Everyday Law for Latinos/as by Carrasco
Professor Gilbert Paul Carrasco recently released Everyday Law for Latinos/as, a comprehensive guide to the legal issues that affect the economic livelihood, civil rights and opportunities of the most populous minority group in the United States. The text is organized around the three central points that contribute to the unique legal treatment of Latino/as: immigration status, language regulation and racial/ethnic discrimination. These points are examined in the context of everyday life for Latino/as — in housing, the workplace, classrooms, the voting booth and within the criminal justice system.
Carrasco collaborated with law professors Steven W. Bender, Raquel Aldana and Joaquin G. Avila on the book. “We wrote the book for the vast population of Latinos in the United States who may not know a lawyer but who want or need legal information,” he said. “We considered the most important legal questions Latinos typically face in their daily lives.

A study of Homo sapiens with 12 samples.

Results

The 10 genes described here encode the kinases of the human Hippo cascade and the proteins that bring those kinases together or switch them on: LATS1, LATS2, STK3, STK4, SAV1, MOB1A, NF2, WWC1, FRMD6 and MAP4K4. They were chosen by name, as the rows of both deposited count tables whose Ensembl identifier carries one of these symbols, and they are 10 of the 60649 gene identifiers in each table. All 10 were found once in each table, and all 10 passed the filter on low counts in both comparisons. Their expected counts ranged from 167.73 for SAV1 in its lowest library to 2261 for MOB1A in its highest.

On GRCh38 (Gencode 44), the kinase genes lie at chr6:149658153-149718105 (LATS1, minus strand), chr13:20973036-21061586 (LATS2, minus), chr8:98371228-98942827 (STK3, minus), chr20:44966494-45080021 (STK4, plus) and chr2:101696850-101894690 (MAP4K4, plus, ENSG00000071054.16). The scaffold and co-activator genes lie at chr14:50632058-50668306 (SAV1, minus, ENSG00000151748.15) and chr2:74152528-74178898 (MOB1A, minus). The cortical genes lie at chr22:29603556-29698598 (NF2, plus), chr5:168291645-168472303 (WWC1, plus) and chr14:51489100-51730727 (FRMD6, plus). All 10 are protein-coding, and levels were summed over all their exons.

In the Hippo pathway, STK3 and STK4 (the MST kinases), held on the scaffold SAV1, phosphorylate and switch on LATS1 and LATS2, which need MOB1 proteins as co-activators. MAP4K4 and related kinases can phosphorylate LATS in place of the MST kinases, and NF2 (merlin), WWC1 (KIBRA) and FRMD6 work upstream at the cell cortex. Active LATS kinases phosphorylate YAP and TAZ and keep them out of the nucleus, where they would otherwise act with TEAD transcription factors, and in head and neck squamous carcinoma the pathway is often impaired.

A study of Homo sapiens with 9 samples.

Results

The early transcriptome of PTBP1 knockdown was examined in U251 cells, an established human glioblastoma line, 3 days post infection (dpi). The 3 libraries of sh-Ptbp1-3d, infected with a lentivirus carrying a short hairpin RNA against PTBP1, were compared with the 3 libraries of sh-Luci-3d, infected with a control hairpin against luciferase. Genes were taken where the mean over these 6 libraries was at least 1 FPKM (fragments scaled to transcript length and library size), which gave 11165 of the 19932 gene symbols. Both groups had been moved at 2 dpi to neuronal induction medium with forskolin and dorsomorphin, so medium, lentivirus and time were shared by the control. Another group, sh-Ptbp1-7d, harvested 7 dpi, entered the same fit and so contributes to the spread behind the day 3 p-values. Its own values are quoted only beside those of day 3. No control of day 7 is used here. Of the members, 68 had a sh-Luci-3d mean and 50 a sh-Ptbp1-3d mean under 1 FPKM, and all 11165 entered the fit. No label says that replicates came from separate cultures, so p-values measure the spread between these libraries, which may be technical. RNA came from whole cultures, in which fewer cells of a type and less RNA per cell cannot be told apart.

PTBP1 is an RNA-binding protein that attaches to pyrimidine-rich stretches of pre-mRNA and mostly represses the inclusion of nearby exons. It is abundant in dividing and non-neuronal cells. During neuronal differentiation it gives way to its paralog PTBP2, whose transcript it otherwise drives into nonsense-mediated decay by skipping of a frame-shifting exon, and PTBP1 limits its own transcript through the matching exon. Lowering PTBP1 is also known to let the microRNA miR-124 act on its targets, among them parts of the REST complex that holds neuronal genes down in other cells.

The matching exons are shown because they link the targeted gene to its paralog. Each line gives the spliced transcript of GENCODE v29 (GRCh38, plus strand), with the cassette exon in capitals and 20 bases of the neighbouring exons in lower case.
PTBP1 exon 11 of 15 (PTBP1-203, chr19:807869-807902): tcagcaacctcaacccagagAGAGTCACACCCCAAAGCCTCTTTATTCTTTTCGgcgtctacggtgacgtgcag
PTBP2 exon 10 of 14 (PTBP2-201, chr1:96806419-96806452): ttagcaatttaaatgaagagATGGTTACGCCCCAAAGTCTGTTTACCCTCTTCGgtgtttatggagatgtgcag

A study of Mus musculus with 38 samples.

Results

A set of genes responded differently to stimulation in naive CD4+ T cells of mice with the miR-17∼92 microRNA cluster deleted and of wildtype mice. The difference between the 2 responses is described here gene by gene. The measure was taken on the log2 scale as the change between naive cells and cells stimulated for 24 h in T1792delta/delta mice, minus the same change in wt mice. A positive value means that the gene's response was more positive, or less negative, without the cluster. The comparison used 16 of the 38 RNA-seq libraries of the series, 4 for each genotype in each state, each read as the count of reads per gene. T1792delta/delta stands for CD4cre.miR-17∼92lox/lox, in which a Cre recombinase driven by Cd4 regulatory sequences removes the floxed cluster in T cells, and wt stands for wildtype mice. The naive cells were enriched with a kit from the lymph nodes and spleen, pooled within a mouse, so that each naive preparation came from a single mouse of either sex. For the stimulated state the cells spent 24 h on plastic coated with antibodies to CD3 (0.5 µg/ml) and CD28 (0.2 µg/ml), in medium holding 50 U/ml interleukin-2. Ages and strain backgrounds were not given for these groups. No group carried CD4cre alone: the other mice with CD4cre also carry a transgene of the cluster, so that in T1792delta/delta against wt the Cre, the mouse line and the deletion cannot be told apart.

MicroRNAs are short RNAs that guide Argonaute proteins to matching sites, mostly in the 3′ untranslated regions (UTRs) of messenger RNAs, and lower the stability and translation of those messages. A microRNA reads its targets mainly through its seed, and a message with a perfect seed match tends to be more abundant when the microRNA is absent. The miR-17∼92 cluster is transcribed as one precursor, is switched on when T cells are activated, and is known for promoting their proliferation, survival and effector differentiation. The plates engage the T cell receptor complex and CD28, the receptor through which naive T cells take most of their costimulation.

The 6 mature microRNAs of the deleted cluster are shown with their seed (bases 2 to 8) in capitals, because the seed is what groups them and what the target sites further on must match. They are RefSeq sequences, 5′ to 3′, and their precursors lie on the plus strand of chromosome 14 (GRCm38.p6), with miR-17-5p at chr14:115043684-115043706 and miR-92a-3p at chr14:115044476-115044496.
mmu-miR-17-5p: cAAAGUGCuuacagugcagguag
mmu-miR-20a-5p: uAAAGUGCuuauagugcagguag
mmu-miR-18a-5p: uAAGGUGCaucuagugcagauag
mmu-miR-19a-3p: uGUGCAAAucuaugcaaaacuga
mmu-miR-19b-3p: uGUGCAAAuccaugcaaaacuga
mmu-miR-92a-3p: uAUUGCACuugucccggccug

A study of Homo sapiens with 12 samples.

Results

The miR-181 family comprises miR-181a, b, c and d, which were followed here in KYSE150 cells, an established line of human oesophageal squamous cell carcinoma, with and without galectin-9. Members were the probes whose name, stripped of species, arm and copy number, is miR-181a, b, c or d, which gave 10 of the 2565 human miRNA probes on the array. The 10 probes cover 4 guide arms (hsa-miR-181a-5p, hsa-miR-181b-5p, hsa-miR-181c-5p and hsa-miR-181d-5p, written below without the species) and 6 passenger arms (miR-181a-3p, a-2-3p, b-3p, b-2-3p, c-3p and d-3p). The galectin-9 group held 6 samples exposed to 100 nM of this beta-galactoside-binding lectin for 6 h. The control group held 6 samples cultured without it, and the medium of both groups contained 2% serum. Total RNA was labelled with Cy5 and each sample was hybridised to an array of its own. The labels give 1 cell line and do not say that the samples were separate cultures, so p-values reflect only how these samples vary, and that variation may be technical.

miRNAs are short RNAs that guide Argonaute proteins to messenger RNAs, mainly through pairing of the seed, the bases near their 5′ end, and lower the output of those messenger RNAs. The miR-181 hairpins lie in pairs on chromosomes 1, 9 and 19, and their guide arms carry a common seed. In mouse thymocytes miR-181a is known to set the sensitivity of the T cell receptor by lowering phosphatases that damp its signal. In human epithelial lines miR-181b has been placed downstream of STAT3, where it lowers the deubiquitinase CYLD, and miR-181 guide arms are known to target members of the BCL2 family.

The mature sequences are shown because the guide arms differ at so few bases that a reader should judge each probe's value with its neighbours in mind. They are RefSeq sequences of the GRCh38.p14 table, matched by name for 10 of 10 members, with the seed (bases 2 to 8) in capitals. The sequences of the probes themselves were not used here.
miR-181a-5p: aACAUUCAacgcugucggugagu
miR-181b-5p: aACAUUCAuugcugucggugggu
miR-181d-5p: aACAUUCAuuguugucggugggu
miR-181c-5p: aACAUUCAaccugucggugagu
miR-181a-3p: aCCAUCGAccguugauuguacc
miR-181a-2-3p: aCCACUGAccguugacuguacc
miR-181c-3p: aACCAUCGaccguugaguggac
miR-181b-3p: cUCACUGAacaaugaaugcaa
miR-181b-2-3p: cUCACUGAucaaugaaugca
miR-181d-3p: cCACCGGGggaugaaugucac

“We wanted to write a book that was not only accessible to the non-lawyer, but that would provide other resources, including the names of organizations that could provide more information about particular topics,” added Carrasco, who is in talks with the publisher about producing a Spanish language version of the text. “Our goal is to empower the ‘person on the street’ and protect against the deprivation of rights. If the book serves to vindicate the rights of ‘the little guy,’ it will have served its purpose.”
Everyday Law for Latinos/as was published by Paradigm Press in 2008 and is now available in paperback.